In October 2000, I am 8 years old. I’m walking through the crowded, dusty streets of Dhaka, clutching my father’s hand, my wide eyes taking in frail women begging and luxury apartments neighboring dilapidated slums. This was my first trip to Bangladesh since my birth and I had never seen injustice like it before. It even followed me to my grandmother’s house where my family ate at the table while our 14-year-old maid, Vanesa, ate on the floor. Vanesa, who had a big, toothy smile and questioned me incessantly about America, quickly became my friend. As I watched Vanesa eat below me, I knew that I could not, in good conscience, sit at my throne at the dinner table and abandon her. So I sat on the floor with her.
But something still didn’t feel right. My small stance of resistance didn’t actually change anything. Vanesa still ate on the floor and outside our window, countless people were in even worse conditions. I felt powerless.
Fast forward four years later and my friend calls me up about a community event to learn about the girls' education crisis. "Bangladesh is apparently one of the worst countries for girls' education, so I thought you'd be interested in coming," she said. She was right. I thought about Vanesa and wondered if she ever had the opportunity to go to school.
The event takes place at my friend's mom's café, in the heart our quaint suburban town just northwest of Washington, DC. With the comforting smell of buttery croissants wafting through the air, light jazz playing in the background, my 12-year-old self learns that over 100 million girls in the world are denied an education. My friends mirror my shocked reaction, as we sit around a wooden table, our eyes fixed on Wendy, the woman who brought us all there that day. With expressive hands and bright eyes framed by a pair of eccentric neon orange glasses, Wendy asked us a question that I will never forget: “Do you want to be architects of a movement to address this issue?”
So here's the thing: if Wendy hadn't ended her session with a call to action, my life would have undoubtedly gone in an extremely different direction. I would have left that café a bit more savvy, sure, about the state of global affairs, but I would have gone back to my life as I knew it. It never would have occurred to me that me — a tiny brown Muslim girl growing up in post-9/11 America — could have the ability to influence anyone in power.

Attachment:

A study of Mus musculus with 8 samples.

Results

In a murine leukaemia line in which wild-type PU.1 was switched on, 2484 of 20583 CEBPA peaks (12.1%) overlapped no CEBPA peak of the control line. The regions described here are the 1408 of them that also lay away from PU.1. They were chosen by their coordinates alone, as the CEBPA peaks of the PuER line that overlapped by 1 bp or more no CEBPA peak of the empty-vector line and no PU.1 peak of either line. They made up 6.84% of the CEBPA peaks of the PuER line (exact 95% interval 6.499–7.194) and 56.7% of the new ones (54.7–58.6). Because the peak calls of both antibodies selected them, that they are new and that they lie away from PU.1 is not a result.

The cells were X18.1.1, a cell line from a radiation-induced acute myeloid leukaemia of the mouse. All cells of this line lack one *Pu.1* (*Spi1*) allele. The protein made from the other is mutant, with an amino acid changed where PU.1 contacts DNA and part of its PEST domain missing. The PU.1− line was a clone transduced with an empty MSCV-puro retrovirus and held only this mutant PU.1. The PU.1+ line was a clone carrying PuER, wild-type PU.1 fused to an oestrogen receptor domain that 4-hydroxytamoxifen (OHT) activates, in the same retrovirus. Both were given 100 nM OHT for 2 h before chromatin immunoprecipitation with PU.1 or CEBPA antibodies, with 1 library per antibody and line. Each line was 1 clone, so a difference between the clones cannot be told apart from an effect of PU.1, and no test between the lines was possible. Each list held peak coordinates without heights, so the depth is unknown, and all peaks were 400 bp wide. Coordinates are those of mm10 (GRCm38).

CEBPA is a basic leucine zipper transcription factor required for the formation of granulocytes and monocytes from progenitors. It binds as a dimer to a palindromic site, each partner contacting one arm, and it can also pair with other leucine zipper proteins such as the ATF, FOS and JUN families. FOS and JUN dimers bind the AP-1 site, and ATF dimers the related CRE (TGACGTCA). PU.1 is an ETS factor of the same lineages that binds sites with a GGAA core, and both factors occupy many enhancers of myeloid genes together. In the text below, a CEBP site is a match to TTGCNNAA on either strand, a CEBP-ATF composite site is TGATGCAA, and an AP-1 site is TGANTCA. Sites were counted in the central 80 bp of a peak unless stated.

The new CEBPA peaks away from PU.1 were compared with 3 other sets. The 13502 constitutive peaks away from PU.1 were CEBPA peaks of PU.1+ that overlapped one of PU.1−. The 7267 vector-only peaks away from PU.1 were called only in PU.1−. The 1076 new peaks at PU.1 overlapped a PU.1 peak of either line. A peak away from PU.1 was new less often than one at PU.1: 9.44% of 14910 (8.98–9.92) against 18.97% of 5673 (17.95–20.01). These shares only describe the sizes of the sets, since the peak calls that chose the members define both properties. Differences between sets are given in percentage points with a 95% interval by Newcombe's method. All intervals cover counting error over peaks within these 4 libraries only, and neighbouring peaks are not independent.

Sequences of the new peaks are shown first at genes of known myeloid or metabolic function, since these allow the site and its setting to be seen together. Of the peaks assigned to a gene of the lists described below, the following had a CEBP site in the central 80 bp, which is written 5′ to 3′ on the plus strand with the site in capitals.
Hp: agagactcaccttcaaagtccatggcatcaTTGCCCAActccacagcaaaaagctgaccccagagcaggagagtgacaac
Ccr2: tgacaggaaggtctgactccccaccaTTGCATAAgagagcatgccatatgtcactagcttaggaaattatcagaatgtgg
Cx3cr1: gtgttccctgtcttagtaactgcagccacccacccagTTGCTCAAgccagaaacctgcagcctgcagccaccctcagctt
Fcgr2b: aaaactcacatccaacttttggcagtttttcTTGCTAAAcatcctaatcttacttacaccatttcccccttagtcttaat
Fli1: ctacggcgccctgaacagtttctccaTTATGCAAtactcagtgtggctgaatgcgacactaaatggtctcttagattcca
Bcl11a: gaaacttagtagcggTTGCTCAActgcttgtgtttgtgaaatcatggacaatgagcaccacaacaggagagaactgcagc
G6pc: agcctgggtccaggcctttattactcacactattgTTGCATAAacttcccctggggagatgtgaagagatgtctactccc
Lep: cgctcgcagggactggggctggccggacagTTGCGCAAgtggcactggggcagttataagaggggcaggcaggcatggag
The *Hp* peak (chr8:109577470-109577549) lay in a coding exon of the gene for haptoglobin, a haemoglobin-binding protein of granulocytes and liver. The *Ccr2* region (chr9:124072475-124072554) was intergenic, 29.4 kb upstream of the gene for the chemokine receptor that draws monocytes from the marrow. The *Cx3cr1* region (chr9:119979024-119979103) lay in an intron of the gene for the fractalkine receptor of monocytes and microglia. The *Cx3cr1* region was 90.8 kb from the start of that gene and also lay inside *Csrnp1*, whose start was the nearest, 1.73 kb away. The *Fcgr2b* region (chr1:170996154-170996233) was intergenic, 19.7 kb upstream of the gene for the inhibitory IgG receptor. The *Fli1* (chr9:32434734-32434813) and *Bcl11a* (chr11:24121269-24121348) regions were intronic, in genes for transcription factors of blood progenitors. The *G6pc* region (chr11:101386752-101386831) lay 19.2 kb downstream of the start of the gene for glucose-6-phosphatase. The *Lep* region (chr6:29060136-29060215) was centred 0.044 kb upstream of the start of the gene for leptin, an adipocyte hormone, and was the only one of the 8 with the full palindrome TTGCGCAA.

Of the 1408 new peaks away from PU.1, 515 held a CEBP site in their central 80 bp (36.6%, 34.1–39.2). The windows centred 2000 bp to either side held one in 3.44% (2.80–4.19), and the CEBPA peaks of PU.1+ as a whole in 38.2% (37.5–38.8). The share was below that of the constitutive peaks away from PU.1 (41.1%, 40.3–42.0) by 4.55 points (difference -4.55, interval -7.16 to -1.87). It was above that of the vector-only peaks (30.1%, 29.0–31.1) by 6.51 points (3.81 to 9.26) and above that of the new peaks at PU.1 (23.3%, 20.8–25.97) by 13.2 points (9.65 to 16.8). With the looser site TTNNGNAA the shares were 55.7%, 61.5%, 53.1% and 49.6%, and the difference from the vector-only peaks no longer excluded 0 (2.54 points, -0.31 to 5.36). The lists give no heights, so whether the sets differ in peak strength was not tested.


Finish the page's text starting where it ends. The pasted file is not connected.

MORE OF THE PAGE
When Wendy asked if we wanted to join her as architects, addressing me in a way an adult had never addressed me before – like I was her equal – I no longer felt powerless. I said yes because Wendy’s belief in me filled me with my own belief that I can change the injustice I first saw in my homeland.
After this meeting, my friends and I partnered with girls in Mali to champion our cause through community organizing and policy advocacy. One of my proudest accomplishments was walking through the shiny halls of Congress in my red Converse sneakers and being part of the groundswell of young people that successfully advocated for a $200 million increase in foreign aid for education. To this day, engaging in policy advocacy as a minor is the most impactful experience of my life.
I have decided to dedicate my life to empowering youth for two reasons:
One, it is important for society to hear what they have to say. Too often, however, their voices are systematically devalued. This lack of youth agency manifests itself, at best, in low confidence, and at worst, in self-harm, in which suicide is the second leading cause of death for 15 to 29 year olds worldwide. Yet history has shown time and time again that young people have always been a force for social change. We have a duty to honor and build on that history.
Two, by investing in the civic potential of young people, we are investing in a pipeline of civic leaders committed to defending democracy for life. Generation Z has never been more primed to correct the course of our future. Nearly 9 in 10 adolescents have taken some sort of civic action like volunteering or raising money for a social cause. By investing in their power today, youth will be the key to challenging the status quo, combating these attacks to our democracy, and strengthening civil society for generations.